Thursday, 12 November 2015

China's state-led innovation model: does it really work?

From our friends at Oxfirst comes another free webinar. This one is entitled "How China’s state-led model is harming innovation and growth". The basic proposition behind it is that China wants leading technology industries, driving Beijing’s strategy to escape the ‘middle income trap’. However, Radomir Tylecote’s PhD research on Chinese solar photovoltaic (PV) patenting suggests that (i) the Chinese system is not be producing the innovation required, that (ii) and Beijing’s attempts to drive innovation are actually hindering it. As the webinar-blurb explains:
Beijing’s strategy involves investing in tech firms through shareholding and R&D funding. By comparing patenting output and quality among Chinese solar firms, Radomir’s research establishes that firms with more state backing – in shareholding and funding – see innovative capabilities fall.

Meanwhile, firms with central government ownership are especially likely to waste R&D funding. But private entrepreneurs often cannot protect their IP from infringement by state firms, and take on state shareholding to do so. Radomir will discuss how majority state-ownership leads to the registration of ‘junk’ patents in less ambitious technological fields, as employees respond to the government’s incentives to patent. But private entrepreneurs face challenges protecting their innovations in court from infringement by state-owned competitors, and in obtaining funding.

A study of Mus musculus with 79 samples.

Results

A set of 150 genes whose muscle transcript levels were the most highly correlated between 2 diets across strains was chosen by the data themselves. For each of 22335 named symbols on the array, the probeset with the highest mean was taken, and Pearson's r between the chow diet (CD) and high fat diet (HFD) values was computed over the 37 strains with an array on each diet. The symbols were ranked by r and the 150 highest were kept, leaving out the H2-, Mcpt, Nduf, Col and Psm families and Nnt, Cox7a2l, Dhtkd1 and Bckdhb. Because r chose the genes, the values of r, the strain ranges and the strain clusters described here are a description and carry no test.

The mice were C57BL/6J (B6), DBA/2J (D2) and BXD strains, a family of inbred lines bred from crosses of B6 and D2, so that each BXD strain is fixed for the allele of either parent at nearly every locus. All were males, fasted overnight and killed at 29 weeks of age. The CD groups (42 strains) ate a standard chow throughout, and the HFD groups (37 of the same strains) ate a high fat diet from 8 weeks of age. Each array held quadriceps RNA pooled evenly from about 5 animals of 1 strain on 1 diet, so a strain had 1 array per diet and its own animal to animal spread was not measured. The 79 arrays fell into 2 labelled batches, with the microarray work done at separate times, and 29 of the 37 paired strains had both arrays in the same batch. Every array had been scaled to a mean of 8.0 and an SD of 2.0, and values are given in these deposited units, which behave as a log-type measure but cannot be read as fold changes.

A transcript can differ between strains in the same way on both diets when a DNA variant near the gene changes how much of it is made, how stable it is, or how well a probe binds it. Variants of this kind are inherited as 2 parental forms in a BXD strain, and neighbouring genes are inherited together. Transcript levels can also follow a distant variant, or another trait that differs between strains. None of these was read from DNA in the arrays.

The webinar takes place on Friday 27 November 2015 3:00 PM - 4:00 PM GMT.  To sign up for participation, click here.


Neil Wilkof said...

Interesting summary. I seem to recall that Mariana Mazzucato has a lengthy discussion of the solar photovoltaic industry in her book, "The Entrepeneurial State, Debunking Public v. Private Sector Myths", including regarding China. Her book has attracted much attention and I read somewhere that she is now an advisor to Jeremy Corbyn. I wonder how the Ph.D. research alligns with her analysis of the role of the Chinese state in this industry.

Lawrence said...

The problem is China still has a top-down mentality, not having the subtle controls for decentralising policy. The SOEs were picked as national champions, not withstanding evidence that private firms like Xiaomei have been more successful in in consumer oriented response. See recent McKinesy report on the 4 models of innovation and why China is not that great at translational research.